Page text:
Porifera This project was done by… Rebecca Blankenship Jacob Collins Elizabeth Graves Christian Vauiso And Avery Waters
Animals in the phylum Porifera (just sponges), are the simplest multicellular organisms on Earth. They can live in either salt or fresh water and are sessile for the first half of their life (polyp), free-living for the second (medusa). Sponges are invertebrates made up of a collection of cells. They do not have a circulatory system, a digestive system, or a nervous system. Sponges have a symmetric, irregular body that is made up of calcium carbonate, silica, or a protein called spongin.
Filter Feeding Sponges are filter feeders. The sponge will draw in water through pores located throughout their body wall into a central cavity. The central cavity is lined with collar cells which have a ring of tentacles that surround the flagellum. Movement of the flagellum creates currents that keep the water flowing through the central cavity and out of a hole at the top of the sponge called the osculum. As water flows over the collar cells, food is captured by the collars ring of tentacles. Once absorbed, food is digested into the food vacuoles or transferred to the amoeboid cells in the middle layer of the wall for digestion. The water current also delivers a constant supply of oxygen to the sponge and removes nitrogenous waste products. Water exits the sponge through the osculum.
Reproduction Sponges can reproduce asexually or sexually. Sponges are hermaphrodites, which means that either adult can act as the male or female in the reproduction process. Asexual reproduction happens when fragments the sponges body are broken off by water currents and carried to another location where the sponge will grow into a clone of its parent (identical DNA to the parent). Fertilization is internal for most species of sponge: some released sperm randomely float to another sponge down the water current. If a sperm is caught by another sponges collar cells (choanocytes), fertilization of the egg by the traveling sperm takes place inside the sponge. The resulting tiny larva is released and free-swimming (it uses cillia to propell itself through the water). The larva eventually settles on the ocean floor to spend its first half of life sessile, or attatched to the bottom of the ocean and grows into an adult.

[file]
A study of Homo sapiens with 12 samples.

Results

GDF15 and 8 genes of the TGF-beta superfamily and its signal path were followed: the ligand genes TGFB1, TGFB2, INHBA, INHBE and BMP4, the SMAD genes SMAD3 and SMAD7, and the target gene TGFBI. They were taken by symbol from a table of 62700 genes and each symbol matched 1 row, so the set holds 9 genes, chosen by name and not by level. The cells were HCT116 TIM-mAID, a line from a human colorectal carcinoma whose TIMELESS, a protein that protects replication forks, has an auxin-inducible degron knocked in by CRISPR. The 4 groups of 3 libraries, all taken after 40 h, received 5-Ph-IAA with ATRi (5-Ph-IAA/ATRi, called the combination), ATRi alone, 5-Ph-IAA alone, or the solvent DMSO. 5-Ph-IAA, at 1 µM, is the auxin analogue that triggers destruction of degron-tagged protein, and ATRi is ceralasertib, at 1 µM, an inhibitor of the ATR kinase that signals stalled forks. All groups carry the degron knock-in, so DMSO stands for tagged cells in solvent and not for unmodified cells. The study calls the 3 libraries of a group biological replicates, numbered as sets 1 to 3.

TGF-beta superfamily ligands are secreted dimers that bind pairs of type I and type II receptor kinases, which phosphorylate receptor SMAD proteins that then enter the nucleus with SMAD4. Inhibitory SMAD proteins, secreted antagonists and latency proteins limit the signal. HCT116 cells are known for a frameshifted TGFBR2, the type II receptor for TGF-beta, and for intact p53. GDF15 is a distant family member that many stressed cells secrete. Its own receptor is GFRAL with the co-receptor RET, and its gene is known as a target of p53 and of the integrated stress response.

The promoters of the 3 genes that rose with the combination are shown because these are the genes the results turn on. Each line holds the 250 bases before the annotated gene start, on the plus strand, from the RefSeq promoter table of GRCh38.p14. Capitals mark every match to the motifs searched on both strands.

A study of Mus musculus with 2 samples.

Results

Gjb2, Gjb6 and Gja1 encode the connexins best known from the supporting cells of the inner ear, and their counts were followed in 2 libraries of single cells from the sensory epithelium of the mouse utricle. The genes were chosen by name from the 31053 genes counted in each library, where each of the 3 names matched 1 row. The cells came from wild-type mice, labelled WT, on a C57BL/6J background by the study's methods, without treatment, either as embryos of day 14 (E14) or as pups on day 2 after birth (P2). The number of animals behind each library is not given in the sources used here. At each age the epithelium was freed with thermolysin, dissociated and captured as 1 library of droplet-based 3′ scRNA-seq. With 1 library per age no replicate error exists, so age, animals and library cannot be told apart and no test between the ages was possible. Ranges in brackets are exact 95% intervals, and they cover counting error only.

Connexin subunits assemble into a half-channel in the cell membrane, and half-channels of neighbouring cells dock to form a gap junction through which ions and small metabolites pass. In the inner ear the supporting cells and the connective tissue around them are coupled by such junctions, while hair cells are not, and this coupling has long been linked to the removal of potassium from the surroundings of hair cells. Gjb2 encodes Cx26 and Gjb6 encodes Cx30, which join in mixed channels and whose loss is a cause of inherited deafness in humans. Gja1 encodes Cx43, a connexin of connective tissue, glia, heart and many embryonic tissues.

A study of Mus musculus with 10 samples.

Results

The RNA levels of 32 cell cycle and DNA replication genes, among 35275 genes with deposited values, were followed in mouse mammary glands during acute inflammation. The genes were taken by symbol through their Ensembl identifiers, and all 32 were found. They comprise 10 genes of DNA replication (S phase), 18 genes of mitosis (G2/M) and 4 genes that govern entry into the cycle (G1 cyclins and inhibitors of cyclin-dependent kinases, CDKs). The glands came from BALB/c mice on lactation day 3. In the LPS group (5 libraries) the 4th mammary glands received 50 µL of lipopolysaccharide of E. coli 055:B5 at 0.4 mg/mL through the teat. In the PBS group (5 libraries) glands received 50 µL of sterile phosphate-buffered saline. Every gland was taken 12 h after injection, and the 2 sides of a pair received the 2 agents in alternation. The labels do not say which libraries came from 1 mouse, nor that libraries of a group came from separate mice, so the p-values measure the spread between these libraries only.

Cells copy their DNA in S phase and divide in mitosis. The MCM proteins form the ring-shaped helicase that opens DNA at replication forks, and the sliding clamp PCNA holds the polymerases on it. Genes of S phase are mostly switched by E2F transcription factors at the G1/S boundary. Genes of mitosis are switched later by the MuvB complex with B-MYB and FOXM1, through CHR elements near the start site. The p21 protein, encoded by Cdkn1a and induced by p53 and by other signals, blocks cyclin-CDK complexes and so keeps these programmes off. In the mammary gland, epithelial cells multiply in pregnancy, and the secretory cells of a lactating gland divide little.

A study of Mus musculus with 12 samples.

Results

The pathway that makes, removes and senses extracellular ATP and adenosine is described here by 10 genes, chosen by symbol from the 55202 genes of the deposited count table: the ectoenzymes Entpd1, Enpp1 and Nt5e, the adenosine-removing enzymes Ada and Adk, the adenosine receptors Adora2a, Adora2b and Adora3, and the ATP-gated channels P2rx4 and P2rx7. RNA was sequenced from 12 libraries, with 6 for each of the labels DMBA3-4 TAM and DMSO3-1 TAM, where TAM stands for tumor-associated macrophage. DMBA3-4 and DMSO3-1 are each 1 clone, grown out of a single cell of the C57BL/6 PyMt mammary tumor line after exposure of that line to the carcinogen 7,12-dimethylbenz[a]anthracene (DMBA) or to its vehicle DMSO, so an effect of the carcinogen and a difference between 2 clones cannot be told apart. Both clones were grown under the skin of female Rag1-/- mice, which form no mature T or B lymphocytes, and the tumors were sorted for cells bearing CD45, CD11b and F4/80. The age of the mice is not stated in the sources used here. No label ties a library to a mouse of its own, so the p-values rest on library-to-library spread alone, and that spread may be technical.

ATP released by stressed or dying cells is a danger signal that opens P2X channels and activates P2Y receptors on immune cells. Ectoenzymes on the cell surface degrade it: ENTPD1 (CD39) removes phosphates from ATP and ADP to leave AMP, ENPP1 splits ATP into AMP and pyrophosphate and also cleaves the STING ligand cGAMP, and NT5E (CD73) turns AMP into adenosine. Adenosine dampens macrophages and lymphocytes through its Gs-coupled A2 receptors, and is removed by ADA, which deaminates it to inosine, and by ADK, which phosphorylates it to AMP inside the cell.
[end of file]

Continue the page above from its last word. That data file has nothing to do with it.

Examples There are three classes of sponges. Class Calcarea, Class Hexactinellida, and Class Demospongiae. Class Calcarea are chalk sponges that have calcareous spicules. These sponges are usually smaller than other sponges. Class Hexactinellida are glass sponges that have siliceous spicules. Class Demospongiae are horn sponges that have a skeleton of spongin or has no skeleton at all. These sponges can also grow to be the largest of sponges and the most vibrantly colored.
CreditsEvanston, Illinois: McDougal Little, 2008http://animals.about.com/od/sponge1.htmhttp://www.enchantedlearning.com/subjects/invertebrates/sponge/Also…Animation brought to you by Avery WatersPower Point by Avery WatersPhotos and diagrams found by Avery Waters Information on slides brought to you by Rebecca Blankenship,Jacob Collins,Elizabeth Graves,and Christian Vauiso.Thank you for watching this Power point on the Phylum Porifera.